Sharon Osbourne was left in tears as she tried to defend Piers Morgan on Wednesday’s episode of The Talk.

The 68-year-old got into a heated discussion with her co-hosts, as they discussed her decision to support Piers after he made controversial comments about Meghan Markle on Good Morning Britain this week.

The broadcaster’s comments received over 40,000 Ofcom complaints, and he’s since decided to leave the programme.

After Piers’ decision to quit GMB hit headlines, Sharon tweeted: “@piersmorgan I am with you. I stand by you. People forget that you’re paid for your opinion and that you’re just speaking your truth.”

Speaking on Wednesday’s episode of The Talk, Sharon said she’s been accused of being racist for supporting Piers.

Defending her decision to support him, she said: “Did I like everything he said? Did I agree with what he said? No. Because it’s his opinion. It’s not my opinion… I support him for his freedom of speech, and he’s my friend.”

“I’m not racist…I don’t care what color or what religion anyone is. Are you a nice person? That’s what I judge you on.”

Sharon’s co-host Sheryl Underwood then asked: “What would you say to people who may feel that while you’re standing by your friend, it appears you gave validation or safe haven to something that he has uttered that is racist, even if you don’t agree?”

The 68-year-old appeared visibly upset, as she said: “I very much feel like I’m about to be put in the electric chair because I have a friend, who many people think is a racist, so that makes me a racist? What does it gotta do with me?”


The show then cut to a commercial break, but their debate continued when they returned.

Sharon said: “I will ask you again Sheryl, I’ve been asking you during the break and I’m asking you again, and don’t try and cry cos if anyone should be crying it should be me.”

The TV personality asked Sheryl to “educate” her, and said: “Tell me when you have heard him say racist things.”


Sheryl then explained: “It was not the exact words of racism, it’s the implications and reaction to it. To not want to address that she is a Black woman and to try to dismiss it or to make it seem less than what it is, that’s what makes it racist.”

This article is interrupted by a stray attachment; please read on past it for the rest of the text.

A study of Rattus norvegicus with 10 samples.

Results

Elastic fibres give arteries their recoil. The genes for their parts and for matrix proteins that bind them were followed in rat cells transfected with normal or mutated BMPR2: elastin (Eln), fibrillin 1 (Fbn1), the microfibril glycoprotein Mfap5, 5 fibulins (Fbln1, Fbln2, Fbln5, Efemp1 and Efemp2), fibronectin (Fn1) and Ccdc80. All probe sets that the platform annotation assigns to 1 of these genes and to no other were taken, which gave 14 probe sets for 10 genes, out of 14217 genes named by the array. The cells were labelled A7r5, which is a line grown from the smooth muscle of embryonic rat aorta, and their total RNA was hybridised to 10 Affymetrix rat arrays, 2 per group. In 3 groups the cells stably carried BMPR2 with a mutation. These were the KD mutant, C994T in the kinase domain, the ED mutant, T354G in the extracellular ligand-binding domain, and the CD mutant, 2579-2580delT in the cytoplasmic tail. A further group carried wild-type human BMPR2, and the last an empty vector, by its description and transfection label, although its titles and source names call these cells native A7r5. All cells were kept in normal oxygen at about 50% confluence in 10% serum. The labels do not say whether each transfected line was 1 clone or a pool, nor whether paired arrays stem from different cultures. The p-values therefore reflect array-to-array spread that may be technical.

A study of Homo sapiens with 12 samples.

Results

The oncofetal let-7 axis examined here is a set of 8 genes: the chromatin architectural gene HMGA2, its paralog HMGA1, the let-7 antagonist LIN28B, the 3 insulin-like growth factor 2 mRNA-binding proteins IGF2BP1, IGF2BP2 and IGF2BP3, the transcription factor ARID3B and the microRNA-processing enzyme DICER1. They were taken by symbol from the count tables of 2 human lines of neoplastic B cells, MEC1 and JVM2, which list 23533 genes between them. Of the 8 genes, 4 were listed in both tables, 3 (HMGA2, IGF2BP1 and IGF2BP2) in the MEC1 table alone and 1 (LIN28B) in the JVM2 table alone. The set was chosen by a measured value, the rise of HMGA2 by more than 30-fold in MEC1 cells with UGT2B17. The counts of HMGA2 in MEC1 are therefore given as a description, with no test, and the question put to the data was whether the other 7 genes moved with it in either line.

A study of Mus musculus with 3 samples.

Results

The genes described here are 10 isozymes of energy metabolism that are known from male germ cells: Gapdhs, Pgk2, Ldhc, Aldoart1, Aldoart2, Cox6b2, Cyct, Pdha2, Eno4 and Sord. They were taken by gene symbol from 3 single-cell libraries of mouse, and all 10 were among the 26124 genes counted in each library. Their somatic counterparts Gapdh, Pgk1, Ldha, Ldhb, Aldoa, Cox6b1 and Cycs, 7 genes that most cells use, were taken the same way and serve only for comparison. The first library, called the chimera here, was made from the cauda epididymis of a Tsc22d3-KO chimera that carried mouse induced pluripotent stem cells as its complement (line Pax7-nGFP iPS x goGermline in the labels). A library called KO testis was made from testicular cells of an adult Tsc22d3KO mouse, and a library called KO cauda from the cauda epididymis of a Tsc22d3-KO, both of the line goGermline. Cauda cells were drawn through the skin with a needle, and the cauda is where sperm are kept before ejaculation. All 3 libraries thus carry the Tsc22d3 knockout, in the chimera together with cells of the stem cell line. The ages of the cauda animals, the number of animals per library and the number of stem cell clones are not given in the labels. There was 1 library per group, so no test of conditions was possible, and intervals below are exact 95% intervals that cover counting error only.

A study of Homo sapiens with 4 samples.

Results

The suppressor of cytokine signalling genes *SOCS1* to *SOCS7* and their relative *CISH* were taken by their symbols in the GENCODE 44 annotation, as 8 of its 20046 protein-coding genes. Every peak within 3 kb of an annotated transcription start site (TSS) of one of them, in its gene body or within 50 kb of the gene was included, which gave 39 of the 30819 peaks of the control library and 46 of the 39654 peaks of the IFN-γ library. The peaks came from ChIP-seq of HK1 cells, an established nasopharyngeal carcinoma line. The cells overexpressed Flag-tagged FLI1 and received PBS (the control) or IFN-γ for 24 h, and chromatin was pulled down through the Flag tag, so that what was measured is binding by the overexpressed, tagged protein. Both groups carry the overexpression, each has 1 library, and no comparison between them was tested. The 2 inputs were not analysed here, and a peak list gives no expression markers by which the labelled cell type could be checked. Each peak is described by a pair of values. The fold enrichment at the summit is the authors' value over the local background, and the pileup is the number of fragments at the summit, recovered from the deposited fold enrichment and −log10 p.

“Right now, I’m talking to a woman who I believe is my friend and I don’t want anybody here to watch this and say that we’re attacking you for being racist.”

Sharon replied: “It’s too late. I think that seed’s already sowed…”

Piers announced his departure from Good Morning Britain on Tuesday, after ITV received a formal complaint from the Duchess of Sussex, over comments he made about her interview with Oprah Winfrey.


On Monday’s episode of GMB, Piers and his co-hosts were discussing Meghan and Prince Harry’s interview with Oprah when he said: “I’m sorry, I don’t believe a word she says… I wouldn’t believe her if she read me a weather report.”

The 55-year-old was widely criticised for his comments, as Meghan opened up about her mental health in the interview, and admitted she felt suicidal during her time as a senior working member of the Royal family.

Ofcom has since launched an investigation into Monday’s episode of GMB, after it received over 40,000 complaints.


On Tuesday, a spokesperson said: “We have launched an investigation into Monday’s episode of Good Morning Britain under our harm and offence rules.”


Piers’ departure from Good Morning Britain was announced in a statement shared by ITV on Tuesday evening.

The statement said: “Following discussions with ITV, Piers Morgan has decided now is the time to leave Good Morning Britain. ITV has accepted this decision and has nothing further to add.”

On Wednesday morning, Piers tweeted: “On Monday, I said I didn’t believe Meghan Markle in her Oprah interview. I’ve had time to reflect on this opinion, and I still don’t.”

“If you did, OK. Freedom of speech is a hill I’m happy to die on. Thanks for all the love, and hate. I’m off to spend more time with my opinions.”

He also shared a quote from Winston Churchill, which said: “Some people’s idea of free speech is that they are free to say what they like, but if anyone says anything back, that is an outrage.”